This coming week, I am part of a New Zealand delegation attending the 130th meeting of the Inter-Parliamentary Union in Europe. The delegation is composed of one National, one Labour and one Green MP. It is an annual visit by a NZ delegation, where issues of interest to 163 national parliaments are discussed. It is, in a sense, the UN of the world’s parliaments. The meeting is for a ‘parliamentary purpose’.
The same cannot be said of the trip to Myanmar and China the following week organized by the chairman of the Foreign Affairs Committee. That can only be described as a visit for NZ Inc. It is not for a ‘parliamentary purpose’ and is not seen as a parliamentary visit.
The visit is the idea of the Foreign Affairs chairman. MPs on the committee – National, Labour, Green – were invited to go. I initially expressed interest, but as it became increasingly obvious that such a visit by MPs was going to be at the expense of, and at the behest of, the executive branch of government, I withdrew.
The visit was discussed by the Foreign Affairs Committee as part of its agenda yesterday, but the briefing was held in private and I am thus unable to provide more information about the visit. I wish I could. Had I been present when the Committee decided to make that private (I was attending another meeting), I would have withheld consent.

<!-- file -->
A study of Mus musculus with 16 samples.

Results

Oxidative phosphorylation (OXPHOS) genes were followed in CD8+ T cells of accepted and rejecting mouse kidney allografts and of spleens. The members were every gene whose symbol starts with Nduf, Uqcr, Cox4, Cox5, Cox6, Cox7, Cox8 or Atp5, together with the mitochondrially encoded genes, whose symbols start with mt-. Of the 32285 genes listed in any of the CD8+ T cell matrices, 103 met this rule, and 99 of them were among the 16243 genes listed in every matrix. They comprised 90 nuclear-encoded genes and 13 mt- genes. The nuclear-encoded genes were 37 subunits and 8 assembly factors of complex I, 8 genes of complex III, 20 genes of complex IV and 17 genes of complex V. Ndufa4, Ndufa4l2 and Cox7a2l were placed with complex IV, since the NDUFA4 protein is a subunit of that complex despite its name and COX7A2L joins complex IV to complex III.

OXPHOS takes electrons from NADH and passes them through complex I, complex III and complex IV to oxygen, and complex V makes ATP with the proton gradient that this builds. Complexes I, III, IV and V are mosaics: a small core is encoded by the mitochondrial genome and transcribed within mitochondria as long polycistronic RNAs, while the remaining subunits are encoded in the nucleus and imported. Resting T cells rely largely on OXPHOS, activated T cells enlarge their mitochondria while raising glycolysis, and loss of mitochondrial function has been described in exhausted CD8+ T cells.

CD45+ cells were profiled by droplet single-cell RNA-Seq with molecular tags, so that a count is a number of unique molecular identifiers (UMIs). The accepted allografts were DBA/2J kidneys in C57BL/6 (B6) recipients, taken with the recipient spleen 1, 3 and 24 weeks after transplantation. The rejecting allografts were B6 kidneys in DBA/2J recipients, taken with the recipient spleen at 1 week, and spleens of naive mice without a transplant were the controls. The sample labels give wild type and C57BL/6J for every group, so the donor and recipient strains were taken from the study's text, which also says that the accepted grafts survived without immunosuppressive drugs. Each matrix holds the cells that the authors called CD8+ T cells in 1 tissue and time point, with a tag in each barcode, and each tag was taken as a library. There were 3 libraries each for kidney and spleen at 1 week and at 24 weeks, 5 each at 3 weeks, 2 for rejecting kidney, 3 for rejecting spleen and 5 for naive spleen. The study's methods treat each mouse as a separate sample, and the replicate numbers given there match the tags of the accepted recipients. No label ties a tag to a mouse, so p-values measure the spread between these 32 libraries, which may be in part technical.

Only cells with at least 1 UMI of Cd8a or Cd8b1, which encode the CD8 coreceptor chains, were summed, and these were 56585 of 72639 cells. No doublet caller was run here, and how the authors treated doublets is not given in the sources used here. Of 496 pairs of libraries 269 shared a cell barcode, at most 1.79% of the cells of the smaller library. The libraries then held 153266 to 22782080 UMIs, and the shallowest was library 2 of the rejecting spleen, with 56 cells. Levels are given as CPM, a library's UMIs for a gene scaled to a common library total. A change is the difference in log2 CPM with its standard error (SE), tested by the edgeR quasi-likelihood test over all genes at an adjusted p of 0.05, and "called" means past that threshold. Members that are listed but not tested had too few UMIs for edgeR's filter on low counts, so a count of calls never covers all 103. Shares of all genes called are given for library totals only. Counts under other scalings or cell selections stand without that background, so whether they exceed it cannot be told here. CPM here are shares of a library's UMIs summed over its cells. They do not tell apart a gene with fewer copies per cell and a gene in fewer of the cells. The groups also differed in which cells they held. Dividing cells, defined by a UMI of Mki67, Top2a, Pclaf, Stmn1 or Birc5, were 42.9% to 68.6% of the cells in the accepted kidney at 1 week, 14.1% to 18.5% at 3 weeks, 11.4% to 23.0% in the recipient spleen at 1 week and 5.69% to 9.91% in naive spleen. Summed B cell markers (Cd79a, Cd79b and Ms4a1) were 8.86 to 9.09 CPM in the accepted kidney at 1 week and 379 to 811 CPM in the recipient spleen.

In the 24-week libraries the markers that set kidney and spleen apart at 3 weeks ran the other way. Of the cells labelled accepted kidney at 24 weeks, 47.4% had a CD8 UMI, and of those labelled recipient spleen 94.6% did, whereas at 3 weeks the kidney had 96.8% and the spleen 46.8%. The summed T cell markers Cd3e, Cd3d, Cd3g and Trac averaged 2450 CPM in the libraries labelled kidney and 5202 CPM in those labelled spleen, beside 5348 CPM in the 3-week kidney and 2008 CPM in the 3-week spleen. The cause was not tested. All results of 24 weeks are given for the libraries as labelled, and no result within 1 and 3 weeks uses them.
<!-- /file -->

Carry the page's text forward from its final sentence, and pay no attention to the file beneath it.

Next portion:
As vice-chairman of the Committee, I could not, in all conscience, participate in a visit to China and Myanmar, funded by the NZ Executive that did not have any official engagement by the NZ Legislature.
If MPs, across all political parties including the opposition, are funded by the Executive , in this case the Ministry of Foreign Affairs & Trade (MFAT), it can have a chilling effect on their freedom to speak independently of government.
It is a convention that MPs outside New Zealand generally represent their country in a broad united manner. But that rests on the same convention that allows alternative views to be democratically expressed, including about New Zealand’s national interest in the wider world.
With an executive-funded visit, especially one in which MFAT might issue written briefs, there is a danger that all MPs are expected to speak with one voice in a more narrow and circumscribed manner – one that would not, for example, cut across what the Prime Minister of the day might be promoting.
That is the antithesis of free speech, and of the rights and responsibilities of the ‘loyal opposition’.
No visit should ever be undertaken outside New Zealand by members of the Foreign Affairs Committee that are exclusively funded by the Government.
There is a need for a broad review of the parliamentary rules governing such travel.